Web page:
In a move Democratic Sen. Ron Wyden calls “cruel,” the Consumer Financial Protection Bureau is further eating itself alive by weakening Obama-era rules that prevent payday lenders from extending loans that people can’t afford to pay back.
Trump’s CFPB has proposed both delaying implementation of the rule that is currently set to go into effect in August until sometime next year, as well as nixing a requirement that lenders verify borrowers’ income and that they can afford the loans they’re applying for. That rule came about because payday lenders can charge interest rates of 390 percent or more, according to analysis the CFPB completed in 2013. A follow-up report the next year found that as many as 80 percent of loans roll over into new loans within two weeks. Low-income borrowers get trapped, and often take out as many as eight or even more loans in a single year.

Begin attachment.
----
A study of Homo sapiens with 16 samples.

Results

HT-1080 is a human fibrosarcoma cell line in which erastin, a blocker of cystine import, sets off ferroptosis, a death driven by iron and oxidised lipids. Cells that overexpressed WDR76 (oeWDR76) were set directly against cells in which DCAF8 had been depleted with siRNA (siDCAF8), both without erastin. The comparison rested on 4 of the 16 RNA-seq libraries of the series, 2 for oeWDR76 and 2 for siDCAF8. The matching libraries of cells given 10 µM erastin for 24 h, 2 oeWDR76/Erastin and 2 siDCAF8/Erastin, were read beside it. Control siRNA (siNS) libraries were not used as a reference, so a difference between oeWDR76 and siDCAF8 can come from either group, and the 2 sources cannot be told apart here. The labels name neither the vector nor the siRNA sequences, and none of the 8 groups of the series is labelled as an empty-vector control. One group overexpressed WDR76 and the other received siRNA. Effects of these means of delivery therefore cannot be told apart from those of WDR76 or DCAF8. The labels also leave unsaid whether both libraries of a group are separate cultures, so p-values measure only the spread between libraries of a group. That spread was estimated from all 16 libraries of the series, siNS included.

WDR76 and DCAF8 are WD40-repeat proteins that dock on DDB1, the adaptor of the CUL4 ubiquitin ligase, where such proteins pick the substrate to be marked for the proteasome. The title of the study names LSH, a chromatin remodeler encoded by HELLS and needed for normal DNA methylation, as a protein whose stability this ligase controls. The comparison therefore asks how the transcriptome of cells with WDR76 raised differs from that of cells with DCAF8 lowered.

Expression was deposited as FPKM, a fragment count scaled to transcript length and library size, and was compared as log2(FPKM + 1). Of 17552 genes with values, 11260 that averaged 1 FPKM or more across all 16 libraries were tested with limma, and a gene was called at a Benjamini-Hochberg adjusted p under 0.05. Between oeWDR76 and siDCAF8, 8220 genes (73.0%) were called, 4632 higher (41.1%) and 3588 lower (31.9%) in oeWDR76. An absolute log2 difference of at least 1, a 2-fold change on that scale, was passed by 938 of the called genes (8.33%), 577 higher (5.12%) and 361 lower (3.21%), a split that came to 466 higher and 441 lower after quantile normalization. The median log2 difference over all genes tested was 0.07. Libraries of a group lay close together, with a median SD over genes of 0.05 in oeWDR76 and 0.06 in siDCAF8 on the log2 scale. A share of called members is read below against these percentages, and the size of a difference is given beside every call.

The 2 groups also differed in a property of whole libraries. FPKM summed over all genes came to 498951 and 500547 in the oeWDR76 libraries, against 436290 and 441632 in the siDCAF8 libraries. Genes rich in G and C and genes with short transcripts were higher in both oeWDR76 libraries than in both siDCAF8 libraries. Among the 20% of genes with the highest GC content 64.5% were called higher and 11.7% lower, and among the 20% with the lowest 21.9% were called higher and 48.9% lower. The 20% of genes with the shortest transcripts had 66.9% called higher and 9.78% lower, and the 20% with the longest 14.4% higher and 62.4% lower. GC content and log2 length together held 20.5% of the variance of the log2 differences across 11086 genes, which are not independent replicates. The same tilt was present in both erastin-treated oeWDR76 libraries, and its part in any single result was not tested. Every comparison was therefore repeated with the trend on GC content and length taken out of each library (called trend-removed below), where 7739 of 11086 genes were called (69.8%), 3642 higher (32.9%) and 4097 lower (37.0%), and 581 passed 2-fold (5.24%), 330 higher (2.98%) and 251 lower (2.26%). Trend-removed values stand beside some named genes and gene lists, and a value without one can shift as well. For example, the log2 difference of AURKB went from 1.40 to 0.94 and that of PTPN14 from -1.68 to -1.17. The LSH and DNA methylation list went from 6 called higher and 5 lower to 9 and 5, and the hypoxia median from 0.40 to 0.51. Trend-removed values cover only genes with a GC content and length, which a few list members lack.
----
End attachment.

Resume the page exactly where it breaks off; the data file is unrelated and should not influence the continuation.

It’s not a huge surprise that the agency’s chief Kathy Kraninger is continuing what her mentor, Mick Mulvaney, started in his stint as the moonlighting acting director. Mulvaney, you might remember, dropped the agency’s investigation into a predatory lender’s practices. It was no coincidence that that lender was also a political donor of Mulvaney’s. He followed that up by dropping more payday lending cases, denying defrauded consumers more that $60 million in compensation.
Between this and the massive tax breaks the banks got, the financial industry has a best friend in Trump, the guy they wouldn’t even loan money to before he was in the White House because he was such a risk. Now all that risk has been spread to the rest of us.